Cold Church Building, Warm Church Heart

Our cable and Internet have been sporadic the last few days: mostly off rather than on, so I’ve felt out of the loop in a lot of regards. And for anyone who knows me… communication is very important, so this has been a very stressful week. In one sense that was heightened this morning when I showed up at church and discovered that the building still has no power. It was a fair drive to get to church this morning, and then the doors were locked. Most of the residential community around the building have been restored, but the church itself (probably because it preceded the subdivision) is still dark. (I appreciated those priorities: but it was still a pain.)

There were about ten of us who, for one reason or another, had not received the emails or calls telling us that the services had been cancelled: and this being Christmas, not having services is significant. I regretted (once again) not having my camera, but there were a couple of pictures taken of us as we stomped around in the parking lot. And then we decided to hold our own little service; Ann had her keys, so she let us into the chilly church. We nabbed prayer books and bibles from the sanctuary and stood about in the cold foyer praying and reading through what would have been appropriate for Christmas.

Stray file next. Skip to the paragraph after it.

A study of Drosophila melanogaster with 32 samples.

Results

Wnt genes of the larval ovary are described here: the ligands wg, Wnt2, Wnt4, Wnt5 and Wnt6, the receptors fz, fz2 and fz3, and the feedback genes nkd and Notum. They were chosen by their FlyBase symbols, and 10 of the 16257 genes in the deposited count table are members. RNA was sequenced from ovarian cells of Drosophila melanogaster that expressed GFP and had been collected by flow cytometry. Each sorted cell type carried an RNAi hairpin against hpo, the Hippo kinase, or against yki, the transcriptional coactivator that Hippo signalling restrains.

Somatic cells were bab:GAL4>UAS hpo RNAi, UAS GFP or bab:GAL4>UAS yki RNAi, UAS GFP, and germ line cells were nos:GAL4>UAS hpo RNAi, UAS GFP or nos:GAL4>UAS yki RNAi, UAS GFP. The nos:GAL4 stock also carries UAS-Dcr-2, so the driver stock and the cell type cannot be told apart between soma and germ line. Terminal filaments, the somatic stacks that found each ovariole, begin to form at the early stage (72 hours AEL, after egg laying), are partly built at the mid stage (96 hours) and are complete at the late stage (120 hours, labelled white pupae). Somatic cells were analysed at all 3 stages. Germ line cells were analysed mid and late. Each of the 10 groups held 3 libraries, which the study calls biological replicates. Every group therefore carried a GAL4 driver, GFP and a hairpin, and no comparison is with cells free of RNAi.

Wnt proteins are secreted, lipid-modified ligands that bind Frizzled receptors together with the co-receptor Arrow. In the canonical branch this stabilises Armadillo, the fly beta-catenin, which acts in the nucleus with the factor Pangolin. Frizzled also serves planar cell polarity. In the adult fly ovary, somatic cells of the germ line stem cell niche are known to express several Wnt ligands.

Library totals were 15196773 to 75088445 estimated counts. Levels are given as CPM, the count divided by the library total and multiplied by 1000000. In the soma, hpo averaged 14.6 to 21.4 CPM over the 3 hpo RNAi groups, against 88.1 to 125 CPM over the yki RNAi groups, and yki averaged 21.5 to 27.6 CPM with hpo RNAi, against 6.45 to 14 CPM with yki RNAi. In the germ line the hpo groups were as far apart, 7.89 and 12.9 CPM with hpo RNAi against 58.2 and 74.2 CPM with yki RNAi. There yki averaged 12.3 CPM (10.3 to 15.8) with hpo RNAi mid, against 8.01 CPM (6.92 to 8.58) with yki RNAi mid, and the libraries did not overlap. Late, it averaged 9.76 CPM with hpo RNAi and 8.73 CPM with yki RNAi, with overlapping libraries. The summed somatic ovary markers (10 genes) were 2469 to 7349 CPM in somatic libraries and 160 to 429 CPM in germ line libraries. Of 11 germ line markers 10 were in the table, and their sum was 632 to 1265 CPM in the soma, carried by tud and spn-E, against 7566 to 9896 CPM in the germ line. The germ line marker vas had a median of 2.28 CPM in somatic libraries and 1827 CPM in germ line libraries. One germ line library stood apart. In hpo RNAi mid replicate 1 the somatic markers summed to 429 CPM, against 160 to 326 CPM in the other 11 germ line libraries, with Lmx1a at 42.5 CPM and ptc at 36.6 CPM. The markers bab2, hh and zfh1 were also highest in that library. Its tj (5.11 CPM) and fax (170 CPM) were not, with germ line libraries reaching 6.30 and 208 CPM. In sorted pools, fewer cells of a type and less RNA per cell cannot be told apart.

Being the introvert, small-group person that I am, this was fabulous. Ann lead the little group, though we had no-one preach: instead we reflected on the passages in the lectionary as they impacted us. For me, I was struck by the gospel reading: although the full reference was John 1:1-14, I mostly commented on verse 5. The introduction to John’s gospel is, for me, what I consider to be “the basics” of what I believe.

Verse five: “The light shines in the darkness, and the darkness has not overcome[a] it.” [NIV] The footnote, I believe, is essential: and is better expressed in the King James Version: “And the light shineth in darkness; and the darkness comprehended it not.” I find this to be one of the saddest descriptions in the bible, and it reflects the core of our difficulty in the world: the light shines against the darkness, and we don’t understand it. I don’t think it’s just that people are unjust, or petty, or cruel, or unthinking of themselves: it’s that we don’t understand the light. I find that the better I understand (comprehend), the easier it is to align myself to the light. And among that group of ten I found myself aligning a little bit better.

I will admit that I was shivering as I climbed back in the car and drove on home. But inside I was warm and stimulated.


One Response to Cold Church Building, Warm Church Heart

  1. Sylvia McConnell says:

    Thank you, Ian, for that wonderful summing up of our little service.